Ernest Lawrence Biography, Age, Weight, Height, Friend, Like, Affairs, Favourite, Birthdate & Other

Ernest Lawrence

This Biography is about one of the best Physicist Ernest Lawrence including his Height, weight, Age & Other Detail…

Biography Of Ernest Lawrence
Real Name Ernest Lawrence
Profession Physicists
Nick Name Ernest Orlando Lawrence, Ernest O. Lawrence
Famous as Physicist
Nationality American
Personal life of Ernest Lawrence
Born on 08 August 1901
Birthday 8th August
Died At Age 57
Sun Sign Leo
Born in Canton
Died on 27 August 1958
Place of death Palo Alto
Family Background of Ernest Lawrence
Father Carl Gustavus Lawrence
Mother Gunda Lawrence
Siblings John H. Lawrence
Education Yale University, University of South Dakota, University of Minnesota, University of Chicago, St. Olaf College
Founder/Co-Founder Lawrence Livermore National Laboratory, Lawrence Berkeley National Laboratory
Awards 1939 – Nobel Prize in Physics 1957 – Enrico Fermi Award – Cyclotron 1937 – Hughes Medal
Elliott Cresson Medal 1951 – William Procter Prize for Scientific Achievement 1958 – Sylvanus Thayer Award 1952 – Faraday Medal 1938 – Comstock Prize in Physics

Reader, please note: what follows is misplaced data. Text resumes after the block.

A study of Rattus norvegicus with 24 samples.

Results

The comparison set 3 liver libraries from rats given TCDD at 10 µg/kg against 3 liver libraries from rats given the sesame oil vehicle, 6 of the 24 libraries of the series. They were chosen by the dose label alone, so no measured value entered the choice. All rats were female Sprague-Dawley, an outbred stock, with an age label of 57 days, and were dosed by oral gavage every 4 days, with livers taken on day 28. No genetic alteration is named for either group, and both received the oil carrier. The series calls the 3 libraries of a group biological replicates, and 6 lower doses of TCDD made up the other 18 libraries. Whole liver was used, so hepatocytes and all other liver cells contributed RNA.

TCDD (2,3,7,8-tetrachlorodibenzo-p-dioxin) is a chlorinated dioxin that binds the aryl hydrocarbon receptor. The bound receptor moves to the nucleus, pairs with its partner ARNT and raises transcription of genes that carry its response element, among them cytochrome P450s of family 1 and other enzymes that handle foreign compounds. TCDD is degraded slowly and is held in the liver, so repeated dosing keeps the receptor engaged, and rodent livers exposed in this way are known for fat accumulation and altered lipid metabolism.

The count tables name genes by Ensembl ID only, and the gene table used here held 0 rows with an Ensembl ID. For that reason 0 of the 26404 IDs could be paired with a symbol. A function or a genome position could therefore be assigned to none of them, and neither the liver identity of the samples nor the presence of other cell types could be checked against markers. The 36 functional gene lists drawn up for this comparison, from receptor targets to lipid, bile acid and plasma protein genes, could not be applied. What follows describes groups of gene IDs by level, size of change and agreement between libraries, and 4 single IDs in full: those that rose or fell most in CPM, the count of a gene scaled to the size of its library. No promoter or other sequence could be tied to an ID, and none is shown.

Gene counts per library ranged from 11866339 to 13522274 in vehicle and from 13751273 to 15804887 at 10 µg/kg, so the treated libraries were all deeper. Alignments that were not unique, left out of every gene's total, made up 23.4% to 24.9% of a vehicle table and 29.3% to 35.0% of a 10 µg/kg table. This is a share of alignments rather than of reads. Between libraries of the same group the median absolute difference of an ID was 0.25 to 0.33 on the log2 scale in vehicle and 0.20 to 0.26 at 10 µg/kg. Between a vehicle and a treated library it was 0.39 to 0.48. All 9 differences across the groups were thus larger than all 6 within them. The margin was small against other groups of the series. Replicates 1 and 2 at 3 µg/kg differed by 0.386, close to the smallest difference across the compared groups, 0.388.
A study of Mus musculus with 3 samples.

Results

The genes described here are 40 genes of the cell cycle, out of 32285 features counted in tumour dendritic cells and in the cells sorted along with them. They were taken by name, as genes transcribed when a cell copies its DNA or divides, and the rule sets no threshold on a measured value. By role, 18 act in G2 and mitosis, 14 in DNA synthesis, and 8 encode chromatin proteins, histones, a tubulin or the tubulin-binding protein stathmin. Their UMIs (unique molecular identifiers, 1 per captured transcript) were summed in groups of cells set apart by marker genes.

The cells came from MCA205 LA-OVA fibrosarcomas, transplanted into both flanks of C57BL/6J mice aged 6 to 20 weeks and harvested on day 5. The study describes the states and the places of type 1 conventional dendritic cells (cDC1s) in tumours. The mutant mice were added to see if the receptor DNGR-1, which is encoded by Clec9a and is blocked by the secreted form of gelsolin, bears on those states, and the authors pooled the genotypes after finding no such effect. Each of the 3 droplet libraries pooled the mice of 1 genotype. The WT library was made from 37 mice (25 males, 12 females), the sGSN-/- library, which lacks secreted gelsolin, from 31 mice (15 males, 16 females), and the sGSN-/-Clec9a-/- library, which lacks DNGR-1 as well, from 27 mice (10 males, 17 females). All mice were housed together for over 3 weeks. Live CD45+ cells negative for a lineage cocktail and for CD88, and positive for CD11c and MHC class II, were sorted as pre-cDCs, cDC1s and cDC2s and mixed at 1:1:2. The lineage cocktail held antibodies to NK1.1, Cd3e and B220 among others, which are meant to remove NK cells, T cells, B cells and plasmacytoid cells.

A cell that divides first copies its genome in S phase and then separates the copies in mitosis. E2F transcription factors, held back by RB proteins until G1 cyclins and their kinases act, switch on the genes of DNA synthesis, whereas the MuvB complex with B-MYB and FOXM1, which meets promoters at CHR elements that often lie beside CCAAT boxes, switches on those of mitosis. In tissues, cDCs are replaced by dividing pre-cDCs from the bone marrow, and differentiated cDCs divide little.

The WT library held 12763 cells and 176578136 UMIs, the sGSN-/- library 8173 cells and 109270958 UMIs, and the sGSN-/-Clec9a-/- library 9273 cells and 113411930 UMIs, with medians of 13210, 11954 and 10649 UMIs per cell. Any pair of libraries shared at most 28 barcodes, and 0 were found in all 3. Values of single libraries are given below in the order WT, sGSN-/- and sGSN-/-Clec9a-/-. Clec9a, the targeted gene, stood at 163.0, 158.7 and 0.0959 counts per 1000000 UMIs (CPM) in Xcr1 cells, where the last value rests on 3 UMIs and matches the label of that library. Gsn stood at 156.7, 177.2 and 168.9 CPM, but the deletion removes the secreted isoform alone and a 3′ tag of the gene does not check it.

Personal Fact of Ernest Lawrence

Ernst Lawrence was an American nuclear scientist who won the Nobel Prize in Physics in 1939 for his invention of the cyclotron. Although he started his college education with chemistry he soon changed to physics and ultimately earned his PhD in physics from the University of Yale. While working as an associate professor at the University of California, 28 year old Lawrence developed a circular particle accelerator, later termed cyclotron.

The invention, not only earned him Nobel Prize, but also the full professorship at the age of 29 and directorship at the Radiation Laboratory at 35. Although he received the patent for his new invention, he never accepted any royalty from it. Instead, he concentrated on developing larger and more powerful cyclotrons and helped others to build them.

Once the World War II started, he got involved in number of defense projects. He was inducted into the Manhattan Project, and the Uranium-235 required for making the Hiroshima bomb came mostly from his laboratory at Berkeley. He also advocated strongly for manufacturing the Hydrogen bomb. At the same time, he was equally interested in developing nuclear medicine and collaborated with this brother in this.